From the nature of its title – The Beginning of Thinking is Geometric – and the fact it opened in Sharjah one week into Ramadan, you might assume this exhibition would be formulated from traditional Islamic art, but nothing about Sara Raza’s curatorial approach is predictable.
She has taken what could easily be construed as a very large bite into the profound subject of the thinking sciences and offered us a healthy portion of contemporary art that inquires into the creative use of geometry.
“There is a philosophical underpinning here,” she says. “Geometry has been overused, especially in terms of Mena [Middle East and North African] culture, so the whole idea was to reject that and go back to the origin of it and the idea of truth.”
Whether it is from the vantage point of Jamal Taraya Baroudy’s vinyl-finished benches stamped with digital patterns made from a reimagined eight-point star or in Ebtisam Abdulaziz’s map of Africa, which is drawn through a graphic code based on letters and numbers and flattening out the oh-so-loaded world of global politics, the somewhat daunting subject of mathematical theory seems more approachable.
The soundtrack, too, is a long way from the stuffy preconceptions that geometric thinking might conjure up. Even before you enter the main gallery at Maraya Art Centre, where the show is taking place, the heavy bassline of Fatima Al Qadiri and Alex Gvojic’s Ghost Raid hints at the sensory experience to follow. This work in particular is an example of how far Raza’s curatorial reach can stretch. The two-and-a-half minute video, which features shape-shifting, triangular, machine-like objects in a gaming format set to hypnotic music, is based on Al Qadiri’s memories of living in Kuwait through the First Gulf War. It is described in the catalogue as an “imaginal technologically-driven syntax on war and memory”.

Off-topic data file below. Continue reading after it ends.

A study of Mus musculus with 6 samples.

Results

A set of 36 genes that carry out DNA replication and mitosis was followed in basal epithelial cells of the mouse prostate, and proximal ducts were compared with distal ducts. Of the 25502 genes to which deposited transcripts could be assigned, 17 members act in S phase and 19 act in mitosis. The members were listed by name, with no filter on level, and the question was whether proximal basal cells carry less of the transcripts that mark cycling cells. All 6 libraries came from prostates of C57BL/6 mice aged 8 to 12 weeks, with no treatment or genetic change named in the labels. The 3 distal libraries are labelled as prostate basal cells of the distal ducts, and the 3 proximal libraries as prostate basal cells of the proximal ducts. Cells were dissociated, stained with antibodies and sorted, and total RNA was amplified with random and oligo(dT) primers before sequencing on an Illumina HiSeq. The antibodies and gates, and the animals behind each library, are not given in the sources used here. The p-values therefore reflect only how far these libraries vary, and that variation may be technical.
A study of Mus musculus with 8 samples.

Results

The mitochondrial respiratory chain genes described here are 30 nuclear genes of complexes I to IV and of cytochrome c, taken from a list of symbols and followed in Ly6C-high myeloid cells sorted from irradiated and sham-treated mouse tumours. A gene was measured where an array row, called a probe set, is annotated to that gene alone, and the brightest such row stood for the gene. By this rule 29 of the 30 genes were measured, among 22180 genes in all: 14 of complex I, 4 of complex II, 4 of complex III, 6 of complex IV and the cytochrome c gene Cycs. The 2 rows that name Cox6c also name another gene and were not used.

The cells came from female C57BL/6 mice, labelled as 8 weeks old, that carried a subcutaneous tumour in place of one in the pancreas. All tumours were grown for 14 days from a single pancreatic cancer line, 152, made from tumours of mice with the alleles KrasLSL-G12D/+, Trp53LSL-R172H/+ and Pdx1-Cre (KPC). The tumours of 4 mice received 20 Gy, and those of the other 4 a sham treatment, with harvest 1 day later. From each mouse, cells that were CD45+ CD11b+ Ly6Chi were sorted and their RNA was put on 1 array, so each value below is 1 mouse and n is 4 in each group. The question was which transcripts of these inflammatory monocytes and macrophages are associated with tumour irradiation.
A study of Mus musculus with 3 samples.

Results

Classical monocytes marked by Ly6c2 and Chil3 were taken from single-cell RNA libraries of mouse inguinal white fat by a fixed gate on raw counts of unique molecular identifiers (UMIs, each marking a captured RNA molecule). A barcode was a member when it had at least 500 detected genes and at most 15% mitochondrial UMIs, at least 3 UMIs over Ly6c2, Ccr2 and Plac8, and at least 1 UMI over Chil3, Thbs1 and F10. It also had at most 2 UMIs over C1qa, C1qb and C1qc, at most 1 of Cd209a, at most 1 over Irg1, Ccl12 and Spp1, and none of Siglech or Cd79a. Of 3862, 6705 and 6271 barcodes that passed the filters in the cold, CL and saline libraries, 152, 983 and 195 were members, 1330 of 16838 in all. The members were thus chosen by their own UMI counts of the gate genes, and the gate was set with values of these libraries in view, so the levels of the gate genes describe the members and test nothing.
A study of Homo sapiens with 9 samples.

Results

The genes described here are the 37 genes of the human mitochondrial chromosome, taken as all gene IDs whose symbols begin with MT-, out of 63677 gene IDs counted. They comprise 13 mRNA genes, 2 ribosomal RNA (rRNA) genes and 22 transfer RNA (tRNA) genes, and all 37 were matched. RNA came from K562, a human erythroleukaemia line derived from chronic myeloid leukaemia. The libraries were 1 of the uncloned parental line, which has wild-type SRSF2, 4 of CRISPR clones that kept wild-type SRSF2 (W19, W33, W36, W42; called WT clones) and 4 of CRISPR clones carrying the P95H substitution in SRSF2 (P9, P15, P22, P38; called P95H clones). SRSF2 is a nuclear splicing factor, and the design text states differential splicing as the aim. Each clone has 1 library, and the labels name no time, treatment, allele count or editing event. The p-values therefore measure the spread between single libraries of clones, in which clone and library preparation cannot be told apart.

“It is also based on navigational mapping,” explains Raza. “When bombs are dropped, they are not done so at random, so it all goes back to geometry.”
During her guided tour, she sweeps through the exhibition with a fount of knowledge on each artist and an academic approach. I take a step back after Raza’s guided tour and contemplate the whole. Although vastly different, with such clear direction, each piece comes to light in the context of her words.
Ala Ebtekar’s site-specific wall drawing, one of only two figurative pieces in the show, is reminiscent of Da Vinci’s Vitruvian Man, but on second look, the artist’s Iranian roots can be traced as well as a sprinkling of hip-hop culture.
“Geometry is also about the mapping of the body,” says Raza. “There was a Central Asian polymath from the 11th century called Al Biruni who did a lot of study between body and space and this work alludes to this as well as being based on the idea of using spheres to create personalities.”
At the other end of the hall is an ephemeral dome made from the seedpods of the senna plant. Mobius, a design collective of three young Emiratis from Dubai, completed the laborious process just hours before the opening and are an example of a different part of Raza’s remit.
“I am very much interested in the post-oil or the YouTube generation who have grown up with the internet and are so much involved in new technologies,” she says, explaining too, that she is writing a doctorate on post-Soviet Asia but is professionally focused on the Gulf, where there is a phenomenally young population.
“There are a lot of new names here, which is a good thing,” says Abdulaziz, who lives in Sharjah and is one of the UAE’s foremost practitioners. “Everyone thinks of geometry in a different way, which also makes what Sara has done really interesting.”